Manila’s colourful jeepneys make way for carbon-free minibuses

Only 4 per cent of the Philippines’ 158,000 jeepneys have been replaced with a more climate-friendly alternative. PHOTO: REUTERS

MANILA – They vanished from Philippine roads in the thick of one of the world’s strictest pandemic lockdowns. Now, Manila’s colourful jeepneys may disappear for good as the government seeks to cut planet-warming emissions.

The country is pursuing a plan to replace highly polluting jeepney models with modern minibuses that run on cleaner fuels or electricity.

But the programme is facing pushback from drivers who need more financial support to make the shift, putting at risk the country’s goal of cutting greenhouse gas emissions by 75 per cent by the end of the decade from 2020 levels.

Only 4 per cent of the Philippines’ 158,000 jeepneys have been replaced with a more climate-friendly alternative since the government’s programme began in 2017, according to official data.

President Ferdinand Marcos Jr, who took office in 2022, has given drivers until the end of the year to form or join cooperatives to help them fund the transition – or risk losing their permits to operate.

The mandate is a major worry for drivers like Mr Roger del Monte, who returned to Manila’s roads last year after the pandemic halted his main source of income for almost two years.

Jeepney drivers like him typically earn about 650 pesos (S$16) a day, putting the cost of a modern jeepney – which can go for as much as 2.8 million pesos – far out of reach.

“We will not be able to shoulder the cost,” the 46-year-old said as he waited for passengers to board the rickety jeepney he has driven for seven years so that he can send his two children to school. “We will be deep in debt.”

Called the “king of the road” because of its bulky frame, flashy designs and notoriously aggressive drivers, the jeepney is the cheapest mode of transport for many of the Philippines’ 110 million people.

The 20-seater vehicles, often decorated with graffiti-inspired spray paint, evolved from the army jeeps used during World War II and run on diesel, one of the dirtiest fuels available.

A study by De La Salle University in Manila said replacing old models in the capital may reduce carbon monoxide and dangerous particulate matter emissions by 90 per cent.

The problem for the Marcos administration is finding the money to back up its green plans. State resources remain scarce as the economy recovers from a Covid-19-induced slowdown.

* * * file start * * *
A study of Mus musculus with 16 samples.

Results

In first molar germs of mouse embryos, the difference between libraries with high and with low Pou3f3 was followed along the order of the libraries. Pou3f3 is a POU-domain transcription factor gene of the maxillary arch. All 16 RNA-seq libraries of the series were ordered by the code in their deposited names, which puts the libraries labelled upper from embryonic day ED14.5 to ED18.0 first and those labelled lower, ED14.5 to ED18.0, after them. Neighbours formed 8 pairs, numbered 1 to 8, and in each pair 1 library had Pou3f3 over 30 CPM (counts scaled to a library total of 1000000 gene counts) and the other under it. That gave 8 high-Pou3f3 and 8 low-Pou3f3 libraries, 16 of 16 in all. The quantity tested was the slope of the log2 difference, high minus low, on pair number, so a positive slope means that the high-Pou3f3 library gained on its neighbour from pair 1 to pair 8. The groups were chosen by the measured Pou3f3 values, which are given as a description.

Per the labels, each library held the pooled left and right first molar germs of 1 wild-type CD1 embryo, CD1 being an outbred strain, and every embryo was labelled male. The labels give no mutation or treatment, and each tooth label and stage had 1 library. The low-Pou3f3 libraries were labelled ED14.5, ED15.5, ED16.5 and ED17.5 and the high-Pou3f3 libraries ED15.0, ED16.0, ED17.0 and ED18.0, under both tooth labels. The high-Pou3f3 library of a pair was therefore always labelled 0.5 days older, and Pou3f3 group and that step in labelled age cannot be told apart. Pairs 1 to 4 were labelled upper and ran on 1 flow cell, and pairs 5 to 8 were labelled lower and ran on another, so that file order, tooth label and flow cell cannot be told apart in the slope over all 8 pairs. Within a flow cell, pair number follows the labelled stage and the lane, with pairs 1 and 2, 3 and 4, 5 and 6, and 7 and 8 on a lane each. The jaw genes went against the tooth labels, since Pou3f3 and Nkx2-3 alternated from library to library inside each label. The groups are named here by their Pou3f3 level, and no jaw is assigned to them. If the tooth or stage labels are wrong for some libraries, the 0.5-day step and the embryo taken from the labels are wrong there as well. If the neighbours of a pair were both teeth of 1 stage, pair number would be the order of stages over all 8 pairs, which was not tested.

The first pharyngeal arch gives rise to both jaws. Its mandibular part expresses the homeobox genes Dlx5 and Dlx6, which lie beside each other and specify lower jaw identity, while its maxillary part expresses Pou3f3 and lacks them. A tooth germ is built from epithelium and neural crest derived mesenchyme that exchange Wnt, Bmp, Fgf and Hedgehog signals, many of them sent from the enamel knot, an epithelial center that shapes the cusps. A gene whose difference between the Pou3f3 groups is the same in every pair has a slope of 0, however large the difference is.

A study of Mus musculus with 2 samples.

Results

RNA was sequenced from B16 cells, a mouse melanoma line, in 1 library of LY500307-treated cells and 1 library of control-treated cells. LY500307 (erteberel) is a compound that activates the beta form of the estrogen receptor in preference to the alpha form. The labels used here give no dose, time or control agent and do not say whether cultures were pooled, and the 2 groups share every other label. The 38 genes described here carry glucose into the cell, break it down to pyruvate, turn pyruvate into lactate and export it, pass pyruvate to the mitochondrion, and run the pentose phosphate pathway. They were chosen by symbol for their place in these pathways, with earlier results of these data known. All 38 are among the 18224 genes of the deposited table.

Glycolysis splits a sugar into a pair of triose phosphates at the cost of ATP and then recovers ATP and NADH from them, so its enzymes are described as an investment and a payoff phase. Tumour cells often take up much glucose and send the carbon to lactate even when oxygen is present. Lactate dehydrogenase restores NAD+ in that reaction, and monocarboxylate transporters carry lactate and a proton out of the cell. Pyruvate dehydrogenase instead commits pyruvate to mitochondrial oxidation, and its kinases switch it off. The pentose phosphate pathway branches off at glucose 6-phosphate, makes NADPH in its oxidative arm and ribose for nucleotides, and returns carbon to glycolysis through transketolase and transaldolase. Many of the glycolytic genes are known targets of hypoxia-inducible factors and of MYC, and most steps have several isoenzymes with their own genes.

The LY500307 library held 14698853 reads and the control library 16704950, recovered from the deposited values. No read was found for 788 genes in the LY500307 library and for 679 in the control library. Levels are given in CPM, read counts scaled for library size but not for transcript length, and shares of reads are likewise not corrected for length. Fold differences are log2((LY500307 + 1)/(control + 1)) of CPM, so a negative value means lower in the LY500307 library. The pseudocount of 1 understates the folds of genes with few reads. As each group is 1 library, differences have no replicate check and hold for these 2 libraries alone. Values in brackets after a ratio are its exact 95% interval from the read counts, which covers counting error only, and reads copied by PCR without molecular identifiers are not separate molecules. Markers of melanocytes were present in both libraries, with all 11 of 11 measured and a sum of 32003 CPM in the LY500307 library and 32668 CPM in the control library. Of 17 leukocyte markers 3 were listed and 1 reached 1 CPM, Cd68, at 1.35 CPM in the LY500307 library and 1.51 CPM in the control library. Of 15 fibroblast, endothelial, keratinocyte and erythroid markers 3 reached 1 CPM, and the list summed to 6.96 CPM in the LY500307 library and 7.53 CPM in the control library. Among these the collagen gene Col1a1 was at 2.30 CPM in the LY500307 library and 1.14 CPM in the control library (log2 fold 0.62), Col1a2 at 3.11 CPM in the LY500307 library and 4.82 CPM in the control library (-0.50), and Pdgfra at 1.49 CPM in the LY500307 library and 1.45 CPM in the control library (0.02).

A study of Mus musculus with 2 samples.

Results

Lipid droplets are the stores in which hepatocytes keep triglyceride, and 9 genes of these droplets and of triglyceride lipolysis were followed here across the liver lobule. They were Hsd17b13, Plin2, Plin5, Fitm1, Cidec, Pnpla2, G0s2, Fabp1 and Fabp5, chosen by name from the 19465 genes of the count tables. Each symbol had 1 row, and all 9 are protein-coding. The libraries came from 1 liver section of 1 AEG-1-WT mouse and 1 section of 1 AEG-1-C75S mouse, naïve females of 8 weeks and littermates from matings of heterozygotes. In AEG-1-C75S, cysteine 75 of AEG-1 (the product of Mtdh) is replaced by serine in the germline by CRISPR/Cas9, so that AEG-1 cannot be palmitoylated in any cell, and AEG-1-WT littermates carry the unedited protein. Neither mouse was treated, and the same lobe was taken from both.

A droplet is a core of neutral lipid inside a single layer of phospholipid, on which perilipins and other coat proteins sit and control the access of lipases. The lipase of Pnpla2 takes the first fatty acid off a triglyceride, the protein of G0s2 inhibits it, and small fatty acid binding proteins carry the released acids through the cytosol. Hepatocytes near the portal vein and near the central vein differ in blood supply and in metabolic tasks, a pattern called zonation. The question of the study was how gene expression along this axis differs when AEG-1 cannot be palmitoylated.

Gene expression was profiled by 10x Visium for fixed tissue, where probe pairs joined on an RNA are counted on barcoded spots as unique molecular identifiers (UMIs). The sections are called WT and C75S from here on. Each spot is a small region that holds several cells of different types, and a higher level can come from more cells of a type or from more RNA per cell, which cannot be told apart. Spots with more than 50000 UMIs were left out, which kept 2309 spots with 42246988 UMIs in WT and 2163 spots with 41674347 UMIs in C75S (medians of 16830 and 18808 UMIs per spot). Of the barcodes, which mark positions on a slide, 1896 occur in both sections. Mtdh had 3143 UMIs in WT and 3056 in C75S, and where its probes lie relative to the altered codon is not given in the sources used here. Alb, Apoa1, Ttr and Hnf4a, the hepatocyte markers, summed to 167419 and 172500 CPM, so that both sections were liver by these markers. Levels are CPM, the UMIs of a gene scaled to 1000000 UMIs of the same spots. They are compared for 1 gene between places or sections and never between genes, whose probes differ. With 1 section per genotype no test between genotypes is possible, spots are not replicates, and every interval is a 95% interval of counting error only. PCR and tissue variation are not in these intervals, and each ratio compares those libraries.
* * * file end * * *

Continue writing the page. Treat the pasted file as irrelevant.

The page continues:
The government currently offers a subsidy of 160,000 pesos per jeepney, and did not set aside funding specifically for the jeepney modernisation programme in this year’s budget.

Last year, it allocated 1.8 billion pesos for subsidies and social safety programmes for drivers – a fraction of the 64.2 billion pesos that the land transport agency estimates is needed to raise the subsidy per jeepney to 360,000 pesos.

“This is torture for drivers,” said Mr Modesto Floranda, who heads Piston, one of the transport groups that organised a strike against the jeepney modernisation policy in March.

Some 900,000 drivers may lose their jobs if the government removes old jeepneys from roads, he warned. “The government left us on our own to carry out this programme.”

The government’s end goal is to transition drivers to zero-emission electric vehicles, but the Philippines still lacks sufficient charging infrastructure.

A jeepney travelling next to an electric-powered minibus on a road in Las Pinas, Metro Manila. PHOTO: EPA-EFE

It is more common right now for those able to make the shift to buy minibuses with Euro-4 compliant diesel engines, which have catalytic converters that are more efficient at filtering out pollutants such as sulphur and carbon monoxide.

Those who have taken the plunge tout the benefits to their health and income.

Mr Elisio Estoque, who plies a regular route between the capital and nearby Rizal province, said he earns more after switching to a Euro 4-compliant minibus due to its bigger capacity.

The vehicle belongs to a cooperative, which pays Mr Estoque a fixed 750 peso daily wage and takes the rest of his earnings.

“I get to ride an air-conditioned vehicle in this heat and I am not exposed to smoke outside,” said the 44-year-old.

Jeepney drivers resting during a transport strike against the phasing out of traditional jeepneys in Quezon City on March 7, 2023. PHOTO: REUTERS

Ms Helen Viloria, who manages a cooperative in the capital, said her group has to take out loans from a state bank to fund its fleet of 52 jeepneys. The government should give the drivers more subsidies as well, she said. “Drivers will not be able to do this alone.”

The Marcos administration should also consider pilot-testing the programme with local governments that are more prepared, said Ms Reycel Hyacenth Bendana from Move As One Coalition, a civil society group pushing for safer transport.

Mr Marcos has said his government will review the programme until December, and make sure that transport workers will not carry the additional burden. “We have to make sure that no one loses their livelihood because he or she cannot afford a vehicle,” he said.

While the government has good intentions, putting the cost on drivers and operators from the poor and lower-middle classes is “not acceptable”, said Dr Antonio La Vina, associate director for climate policy at research group Manila Observatory.

He suggested that officials try to get financing from developed countries to advance the programme. “We cannot transition well to a green economy if we don’t do it in a just manner,” he said. BLOOMBERG

Join ST's Telegram channel and get the latest breaking news delivered to you.